What time is it by Cannock’s Clock was a well known catch phrase in Limerick until the clock was dismantled in April, 1961. It was in the year 1888 that the citizens of Limerick first heard the melodious chimes of one of Limerick’s finest landmarks and it had become the unofficial time-check of the citizenry since then.
“Cannock & Co. had become synonymous with time in the city and it was famous all over the country”, the Limerick Leader lamented its passing.
“The passing of the chimes will be missed very much by bus drivers, workers and others who depend so much on a time check. The clock tower rose 130 feet and was made by a firm of London clockmakers”, the paper concluded.
The clock is what is generally known as a Westminster chime clock; that is to say that it strikes three chimes every 15 minutes, in addition to striking the hours.
The bells on which the hours and quarters are struck weigh from more than 3 cwts. to over 11 cwts. while the weight of the hammers varies from 18 to 35 lbs.
Each dial is six feet in diameter and glazed with the best opal glass, which has the advantage of equally diffusing the illumination behind it. Each centre part is backed with cast-iron ribs to protect the glass from being blown in by a high wind.
The dials are made of iron, cast in one piece and painted gilt. The hands of each dial are made out of stout sheet copper and are stiffened by means of brass runners in the back, which prevents them from being blown about thus enabling them to keep their position in the face. The hands are also balanced inside the tower to preserve their equilibrium.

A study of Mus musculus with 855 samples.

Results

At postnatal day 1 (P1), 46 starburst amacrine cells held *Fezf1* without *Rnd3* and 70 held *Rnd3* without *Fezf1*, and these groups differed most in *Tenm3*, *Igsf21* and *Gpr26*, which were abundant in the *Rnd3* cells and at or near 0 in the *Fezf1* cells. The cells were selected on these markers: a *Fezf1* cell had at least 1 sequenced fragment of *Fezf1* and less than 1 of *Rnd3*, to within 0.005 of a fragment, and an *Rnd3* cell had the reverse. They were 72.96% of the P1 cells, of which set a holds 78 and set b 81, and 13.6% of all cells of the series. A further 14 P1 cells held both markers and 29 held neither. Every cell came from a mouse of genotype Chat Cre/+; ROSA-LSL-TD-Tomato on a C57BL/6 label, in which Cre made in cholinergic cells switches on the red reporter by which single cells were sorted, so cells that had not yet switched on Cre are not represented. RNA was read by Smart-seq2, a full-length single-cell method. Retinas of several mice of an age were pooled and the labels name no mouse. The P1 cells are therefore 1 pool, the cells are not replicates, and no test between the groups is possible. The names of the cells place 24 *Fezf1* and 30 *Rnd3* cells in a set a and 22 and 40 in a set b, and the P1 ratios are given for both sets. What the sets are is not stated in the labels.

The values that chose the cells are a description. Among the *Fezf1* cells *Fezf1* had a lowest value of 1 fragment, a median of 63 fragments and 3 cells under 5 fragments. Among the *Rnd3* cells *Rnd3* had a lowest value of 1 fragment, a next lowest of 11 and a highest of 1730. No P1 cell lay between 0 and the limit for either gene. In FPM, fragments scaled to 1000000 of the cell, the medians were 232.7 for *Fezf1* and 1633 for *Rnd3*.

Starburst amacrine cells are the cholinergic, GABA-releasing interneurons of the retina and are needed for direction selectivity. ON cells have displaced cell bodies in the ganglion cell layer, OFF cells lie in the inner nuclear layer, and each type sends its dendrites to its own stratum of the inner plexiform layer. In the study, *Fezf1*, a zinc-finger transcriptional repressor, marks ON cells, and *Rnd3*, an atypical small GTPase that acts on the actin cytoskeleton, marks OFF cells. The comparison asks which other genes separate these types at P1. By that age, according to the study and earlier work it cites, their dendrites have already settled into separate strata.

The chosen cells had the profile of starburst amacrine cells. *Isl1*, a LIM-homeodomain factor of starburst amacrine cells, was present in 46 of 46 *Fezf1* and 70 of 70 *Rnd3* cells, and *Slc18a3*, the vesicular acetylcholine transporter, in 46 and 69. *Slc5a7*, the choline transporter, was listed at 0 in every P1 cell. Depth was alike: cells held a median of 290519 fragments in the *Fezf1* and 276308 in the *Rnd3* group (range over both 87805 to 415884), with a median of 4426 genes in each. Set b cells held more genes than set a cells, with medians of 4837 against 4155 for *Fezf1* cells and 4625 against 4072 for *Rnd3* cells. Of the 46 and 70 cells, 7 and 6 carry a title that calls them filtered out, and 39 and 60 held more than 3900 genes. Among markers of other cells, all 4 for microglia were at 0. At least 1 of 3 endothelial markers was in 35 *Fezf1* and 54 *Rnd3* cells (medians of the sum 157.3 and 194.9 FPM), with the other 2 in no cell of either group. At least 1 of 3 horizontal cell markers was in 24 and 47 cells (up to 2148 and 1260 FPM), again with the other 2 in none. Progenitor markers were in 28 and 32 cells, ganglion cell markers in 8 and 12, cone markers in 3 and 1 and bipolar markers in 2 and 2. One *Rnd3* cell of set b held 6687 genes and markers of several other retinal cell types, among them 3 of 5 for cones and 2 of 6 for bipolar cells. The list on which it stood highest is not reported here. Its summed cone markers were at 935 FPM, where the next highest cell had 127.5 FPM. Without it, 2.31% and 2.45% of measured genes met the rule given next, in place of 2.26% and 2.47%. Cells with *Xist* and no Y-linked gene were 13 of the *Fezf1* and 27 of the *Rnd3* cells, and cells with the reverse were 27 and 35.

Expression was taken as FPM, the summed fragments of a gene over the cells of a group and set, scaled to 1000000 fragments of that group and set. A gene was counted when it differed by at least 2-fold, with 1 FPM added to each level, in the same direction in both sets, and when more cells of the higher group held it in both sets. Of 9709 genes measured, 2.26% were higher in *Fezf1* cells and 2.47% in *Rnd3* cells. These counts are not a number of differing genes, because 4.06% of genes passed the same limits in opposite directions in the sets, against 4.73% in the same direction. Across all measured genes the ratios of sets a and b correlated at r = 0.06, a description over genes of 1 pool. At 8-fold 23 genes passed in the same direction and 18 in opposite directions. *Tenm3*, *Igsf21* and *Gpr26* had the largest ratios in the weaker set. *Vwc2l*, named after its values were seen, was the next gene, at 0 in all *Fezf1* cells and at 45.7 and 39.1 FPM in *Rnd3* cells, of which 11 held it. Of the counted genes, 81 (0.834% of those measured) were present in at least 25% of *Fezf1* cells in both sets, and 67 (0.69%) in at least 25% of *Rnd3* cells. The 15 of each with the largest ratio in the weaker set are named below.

Mr. Jack Gleazer kept the wheels of time moving for the citizens for many years. The clock, of course, was replaced with another four-sided clock a year or two later but was not of the same calibre as the one that had served Limerick so well.
005 Cannocks Clock

005 Cannocks Clock

What time is it by Cannock’s Clock was a well known catch phrase in Limerick until the clock was dismantled in April, 1961. It was in the year 1888 that the citizens of Limerick first heard the melodious chimes of one of Limerick’s finest landmarks and it had become the unofficial time-check of the citizenry since then.
“Cannock & Co. had become synonymous with time in the city and it was famous all over the country”, the Limerick Leader lamented its passing.
“The passing of the chimes will be missed very much by bus drivers, workers and others who depend so much on a time check. The clock tower rose 130 feet and was made by a firm of London clockmakers”, the paper concluded.
The clock is what is generally known as a Westminster chime clock; that is to say that it strikes three chimes every 15 minutes, in addition to striking the hours.
The bells on which the hours and quarters are struck weigh from more than 3 cwts. to over 11 cwts. while the weight of the hammers varies from 18 to 35 lbs.
Each dial is six feet in diameter and glazed with the best opal glass, which has the advantage of equally diffusing the illumination behind it. Each centre part is backed with cast-iron ribs to protect the glass from being blown in by a high wind.
The dials are made of iron, cast in one piece and painted gilt. The hands of each dial are made out of stout sheet copper and are stiffened by means of brass runners in the back, which prevents them from being blown about thus enabling them to keep their position in the face. The hands are also balanced inside the tower to preserve their equilibrium.

Mr. Jack Gleazer kept the wheels of time moving for the citizens for many years. The clock, of course, was replaced with another four-sided clock a year or two later but was not of the same calibre as the one that had served Limerick so well.